Late-night hosts Stephen Colbert, Seth Meyers and James Corden all devoted a few minutes of their Tuesday night shows to addressing White House Chief of Staff John Kelly’s controversial interview with Fox News’ Laura Ingraham in which he stated that the Civil War was a result of a “lack of compromise.”
On The Late Show, Colbert was quick to fire back at Kelly’s claim. “What do you mean there was a ‘lack of compromise?’” the Late Show host asked. Colbert then proceeded to direct questions to Kelly, “You’re a general and you don’t know why the Civil War happened? What do you think caused World War II? A zoning issue?”
Colbert then questioned whether he was failing to give Kelly the benefit of the doubt, “Maybe I’m being unfair. Maybe a lack of compromise really was the heart of the Civil War.” He then read a mock letter from fake Confederate soldier Buford Nathaniel Jessup to his wife.
“The Union Army steadfastly refuses compromise,” Colbert reads, further explaining that they keep offering to only have slaves “Monday, Wednesday, Friday,” but that demand still isn’t met. Colbert, continuing to speak as the soldier, describes the frustration, saying, “They’re being total Nazis about this, which is weird because Nazis aren’t even a thing yet.”
Colbert also ventured another theory on why Kelly might’ve said what he did. “Maybe Kelly knows better and is just being willfully ignorant, because as the chief of staff, he’s now forced to defend the positions of an idiot.”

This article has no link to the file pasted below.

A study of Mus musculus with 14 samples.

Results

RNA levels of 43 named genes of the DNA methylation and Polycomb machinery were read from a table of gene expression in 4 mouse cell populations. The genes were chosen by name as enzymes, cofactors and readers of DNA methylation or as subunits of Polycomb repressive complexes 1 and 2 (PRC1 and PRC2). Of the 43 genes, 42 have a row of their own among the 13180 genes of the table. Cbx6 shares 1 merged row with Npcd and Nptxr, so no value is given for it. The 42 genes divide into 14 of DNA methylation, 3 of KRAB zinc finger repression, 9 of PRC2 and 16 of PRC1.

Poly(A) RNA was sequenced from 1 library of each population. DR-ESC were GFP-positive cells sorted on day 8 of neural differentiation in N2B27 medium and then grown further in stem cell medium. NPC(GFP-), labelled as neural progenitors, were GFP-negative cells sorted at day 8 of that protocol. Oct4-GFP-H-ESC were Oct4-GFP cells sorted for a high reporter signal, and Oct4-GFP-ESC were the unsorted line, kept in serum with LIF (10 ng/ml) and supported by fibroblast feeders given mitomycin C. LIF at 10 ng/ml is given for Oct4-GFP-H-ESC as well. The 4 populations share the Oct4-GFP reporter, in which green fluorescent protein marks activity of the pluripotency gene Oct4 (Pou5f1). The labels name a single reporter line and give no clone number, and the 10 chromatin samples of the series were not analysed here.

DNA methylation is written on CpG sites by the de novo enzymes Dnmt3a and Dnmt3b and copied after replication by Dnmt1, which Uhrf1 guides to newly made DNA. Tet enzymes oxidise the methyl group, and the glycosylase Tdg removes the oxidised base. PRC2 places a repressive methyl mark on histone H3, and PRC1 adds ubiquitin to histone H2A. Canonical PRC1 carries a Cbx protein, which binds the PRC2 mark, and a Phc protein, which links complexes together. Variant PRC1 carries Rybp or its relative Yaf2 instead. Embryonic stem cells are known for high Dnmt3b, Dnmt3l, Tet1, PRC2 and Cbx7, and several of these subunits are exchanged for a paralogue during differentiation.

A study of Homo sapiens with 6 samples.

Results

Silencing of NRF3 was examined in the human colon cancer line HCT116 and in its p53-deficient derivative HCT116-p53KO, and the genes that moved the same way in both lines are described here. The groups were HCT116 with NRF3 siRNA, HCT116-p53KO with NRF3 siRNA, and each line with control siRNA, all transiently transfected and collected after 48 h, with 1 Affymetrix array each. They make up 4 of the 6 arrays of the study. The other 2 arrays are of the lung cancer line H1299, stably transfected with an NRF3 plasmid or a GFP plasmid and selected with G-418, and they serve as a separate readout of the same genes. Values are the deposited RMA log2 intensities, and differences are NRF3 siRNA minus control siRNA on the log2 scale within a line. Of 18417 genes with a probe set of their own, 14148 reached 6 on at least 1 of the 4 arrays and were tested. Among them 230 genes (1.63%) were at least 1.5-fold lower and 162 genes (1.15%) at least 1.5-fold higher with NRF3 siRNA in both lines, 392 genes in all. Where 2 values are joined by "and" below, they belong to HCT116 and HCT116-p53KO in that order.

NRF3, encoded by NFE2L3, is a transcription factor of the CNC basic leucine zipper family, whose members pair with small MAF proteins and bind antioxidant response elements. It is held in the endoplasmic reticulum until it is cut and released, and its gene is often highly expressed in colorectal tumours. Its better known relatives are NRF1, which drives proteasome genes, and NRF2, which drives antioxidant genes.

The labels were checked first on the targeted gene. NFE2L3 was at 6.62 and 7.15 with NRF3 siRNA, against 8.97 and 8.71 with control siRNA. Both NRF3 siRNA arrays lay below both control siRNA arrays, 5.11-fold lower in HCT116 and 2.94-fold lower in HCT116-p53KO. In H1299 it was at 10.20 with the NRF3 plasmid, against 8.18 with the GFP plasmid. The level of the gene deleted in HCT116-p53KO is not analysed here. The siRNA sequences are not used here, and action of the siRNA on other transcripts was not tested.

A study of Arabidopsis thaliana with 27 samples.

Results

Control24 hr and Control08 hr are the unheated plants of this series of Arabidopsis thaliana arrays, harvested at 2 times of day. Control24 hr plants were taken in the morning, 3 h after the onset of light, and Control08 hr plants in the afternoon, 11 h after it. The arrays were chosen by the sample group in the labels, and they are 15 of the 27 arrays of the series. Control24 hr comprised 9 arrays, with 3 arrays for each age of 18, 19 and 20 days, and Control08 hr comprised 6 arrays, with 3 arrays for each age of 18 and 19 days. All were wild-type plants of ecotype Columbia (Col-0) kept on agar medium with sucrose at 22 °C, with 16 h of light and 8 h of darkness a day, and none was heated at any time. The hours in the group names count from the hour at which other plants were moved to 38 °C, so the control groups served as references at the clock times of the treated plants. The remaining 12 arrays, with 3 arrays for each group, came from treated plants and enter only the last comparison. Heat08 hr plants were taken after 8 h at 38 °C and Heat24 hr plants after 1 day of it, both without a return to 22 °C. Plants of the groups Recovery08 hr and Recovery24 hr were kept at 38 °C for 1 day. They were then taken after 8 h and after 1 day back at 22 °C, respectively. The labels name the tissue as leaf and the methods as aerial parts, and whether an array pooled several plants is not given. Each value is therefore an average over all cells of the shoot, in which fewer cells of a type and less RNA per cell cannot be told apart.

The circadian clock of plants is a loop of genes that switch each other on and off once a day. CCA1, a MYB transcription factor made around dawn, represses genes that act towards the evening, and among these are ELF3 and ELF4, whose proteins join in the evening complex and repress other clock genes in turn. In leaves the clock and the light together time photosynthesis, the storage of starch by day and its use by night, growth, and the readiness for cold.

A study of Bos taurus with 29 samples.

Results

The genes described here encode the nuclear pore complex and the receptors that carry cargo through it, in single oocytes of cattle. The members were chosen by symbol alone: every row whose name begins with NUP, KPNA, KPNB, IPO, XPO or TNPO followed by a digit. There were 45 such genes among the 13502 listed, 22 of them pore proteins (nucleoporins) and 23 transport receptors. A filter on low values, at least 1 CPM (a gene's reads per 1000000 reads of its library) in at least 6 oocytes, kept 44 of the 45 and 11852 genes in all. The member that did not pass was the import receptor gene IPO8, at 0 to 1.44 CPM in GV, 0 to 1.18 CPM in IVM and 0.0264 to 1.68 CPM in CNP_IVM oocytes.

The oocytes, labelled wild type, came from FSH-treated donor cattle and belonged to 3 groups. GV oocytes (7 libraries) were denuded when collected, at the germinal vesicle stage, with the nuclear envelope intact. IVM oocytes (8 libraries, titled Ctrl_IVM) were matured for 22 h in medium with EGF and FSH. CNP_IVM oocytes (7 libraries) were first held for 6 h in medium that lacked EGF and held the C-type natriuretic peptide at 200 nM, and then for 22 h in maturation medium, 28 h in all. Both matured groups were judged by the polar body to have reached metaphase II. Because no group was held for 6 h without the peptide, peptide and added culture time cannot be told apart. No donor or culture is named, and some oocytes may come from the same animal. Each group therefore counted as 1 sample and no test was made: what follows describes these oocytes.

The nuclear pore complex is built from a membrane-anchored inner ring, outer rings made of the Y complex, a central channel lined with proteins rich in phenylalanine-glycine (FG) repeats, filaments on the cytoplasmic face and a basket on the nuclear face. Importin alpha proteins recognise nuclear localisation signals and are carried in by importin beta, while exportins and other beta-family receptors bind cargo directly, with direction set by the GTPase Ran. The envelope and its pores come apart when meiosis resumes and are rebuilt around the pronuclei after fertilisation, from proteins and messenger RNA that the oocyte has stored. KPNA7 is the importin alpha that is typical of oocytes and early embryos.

Meanwhile on Late Night With Seth Meyers, show writer Amber Ruffin took a “minute of fury” to argue against Kelly’s statement.
“Lack of compromise? That’s a strange way to pronounce ‘slavery,’” Ruffin began. She then commented on Kelly’s referring to General Robert E. Lee as an “honorable man.” “His army kidnapped free black people and sold them into slavery,” Ruffin said. “That is true. Not a lot of people know that, because they left that part out of the statues.”
Like Colbert, Ruffin read a mock letter written by a soldier, informing his wife that they are going to war as a result of failing to compromise even after offering to have “casual slavery Fridays,” where they “let the slaves wear flip-flops.”
Over on The Late Late Show With James Corden, the host ridiculed Kelly’s claim, arguing that the “compromise” wasn’t like “haggling over the price of a Honda Civic.”
Corden also took a jab at Kelly’s appearance, saying that the chief of staff may share sentiments with “honorable” General Lee.
“It’s not really a surprise that General Kelly would defend a defeated general, seeing that every time he’s photographed listening to Donald Trump, he looks like a defeated general.”
In a press conference held Tuesday, White House Press Secretary Sarah Huckabee Sanders explained that Kelly referred to Lee as an “honorable man” to assert that “history isn’t perfect.” Sanders also cited historian Shelby Foote, who defends Kelly’s “compromise” argument.
Kelly’s claim has spurred backlash, with Congressional Black Caucus chair Rep. Cedric Richmond saying that the chief of staff “needs a history lesson.”